Tougher measures mooted for noise nuisance
Local authorities and police could be given greater powers to tackle noise pollution as part of a raft of proposed new measures to deal with the blight of noisy neighbours and businesses.
The Irish government has launched a consultation outlining proposed changes to existing noise legislation.
It includes proposals for local authorities to make greater use of byelaws to reduce noise from fireworks and motorbikes, and giving the national police force, An Garda Síochána, powers to force their way into properties to disable nuisance alarms and to issue on the spot fines to offenders.
Codes of practice to reduce noise in industry, construction, commerce and residential areas could also be drafted under the proposals in the consultation paper.
Other suggested improvements include creating a website giving people advice about how to act if they have complaints about noise and raising fines for those convicted through the courts.
Ministers said the current legislation puts too much burden on people affected by noise to pursue the complaint, and some penalties are not high enough to be a deterrent.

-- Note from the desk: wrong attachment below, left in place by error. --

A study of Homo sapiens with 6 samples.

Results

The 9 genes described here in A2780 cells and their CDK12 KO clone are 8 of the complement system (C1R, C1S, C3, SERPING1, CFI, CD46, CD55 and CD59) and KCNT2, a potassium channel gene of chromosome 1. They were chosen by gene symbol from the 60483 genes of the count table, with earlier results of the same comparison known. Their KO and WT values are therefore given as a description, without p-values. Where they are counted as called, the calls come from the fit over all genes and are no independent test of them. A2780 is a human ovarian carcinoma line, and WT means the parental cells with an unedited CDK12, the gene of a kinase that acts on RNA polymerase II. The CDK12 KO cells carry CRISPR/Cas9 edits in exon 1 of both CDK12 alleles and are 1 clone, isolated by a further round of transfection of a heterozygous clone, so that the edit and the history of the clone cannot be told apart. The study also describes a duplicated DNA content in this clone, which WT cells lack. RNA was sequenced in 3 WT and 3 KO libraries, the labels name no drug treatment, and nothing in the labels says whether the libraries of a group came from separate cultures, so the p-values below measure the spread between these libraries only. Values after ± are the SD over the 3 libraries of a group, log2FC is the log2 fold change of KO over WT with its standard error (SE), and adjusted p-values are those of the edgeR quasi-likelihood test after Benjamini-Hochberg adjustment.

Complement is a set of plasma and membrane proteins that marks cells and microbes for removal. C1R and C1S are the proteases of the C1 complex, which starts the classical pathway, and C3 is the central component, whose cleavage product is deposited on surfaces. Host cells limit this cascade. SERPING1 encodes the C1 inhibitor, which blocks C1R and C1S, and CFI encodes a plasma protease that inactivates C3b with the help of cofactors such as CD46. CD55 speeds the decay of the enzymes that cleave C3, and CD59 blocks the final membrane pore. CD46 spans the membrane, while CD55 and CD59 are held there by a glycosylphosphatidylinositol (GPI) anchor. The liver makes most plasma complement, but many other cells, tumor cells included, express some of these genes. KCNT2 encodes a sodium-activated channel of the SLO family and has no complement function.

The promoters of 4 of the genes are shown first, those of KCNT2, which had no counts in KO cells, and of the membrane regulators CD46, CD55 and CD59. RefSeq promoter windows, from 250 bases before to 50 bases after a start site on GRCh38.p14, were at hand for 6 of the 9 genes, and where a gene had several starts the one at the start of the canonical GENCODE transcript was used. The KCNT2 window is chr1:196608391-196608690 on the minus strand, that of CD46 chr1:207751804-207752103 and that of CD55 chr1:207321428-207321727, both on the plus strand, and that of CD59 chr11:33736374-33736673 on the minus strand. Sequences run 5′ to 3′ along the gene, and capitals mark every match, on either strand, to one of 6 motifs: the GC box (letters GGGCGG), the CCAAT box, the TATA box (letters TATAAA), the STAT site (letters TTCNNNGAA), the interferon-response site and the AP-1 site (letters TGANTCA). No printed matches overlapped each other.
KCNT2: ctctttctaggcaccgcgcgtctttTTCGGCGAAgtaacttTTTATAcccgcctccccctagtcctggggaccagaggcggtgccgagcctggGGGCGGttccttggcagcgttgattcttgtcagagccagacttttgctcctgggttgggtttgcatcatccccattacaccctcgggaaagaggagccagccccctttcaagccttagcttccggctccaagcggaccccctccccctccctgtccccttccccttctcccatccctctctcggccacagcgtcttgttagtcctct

Launching the consultation paper in Dublin, Environment Minister John Gormley said: “Noise nuisance has always been an area of concern for the Green Party, and in fact my colleague Deputy Ciaran Cuffe brought forward a private members bill on this issue previously,” he said.
“This public consultation builds on Deputy Cuffe’s work and is the first step in a process through which I intend to make the procedures for dealing with noise issues more accessible and understandable for the citizen, and to ensure that noise complaints can be dealt with in a timely manner.”
It is hoped that the proposed changes will bring a more integrated approach to noise pollution problems, and make it a higher profile issue.
Ministers are calling for feedback on the suggestions for strengthening anti-noise legislation.
The consultation paper can be found here and comments can be submitted to the government until October 31.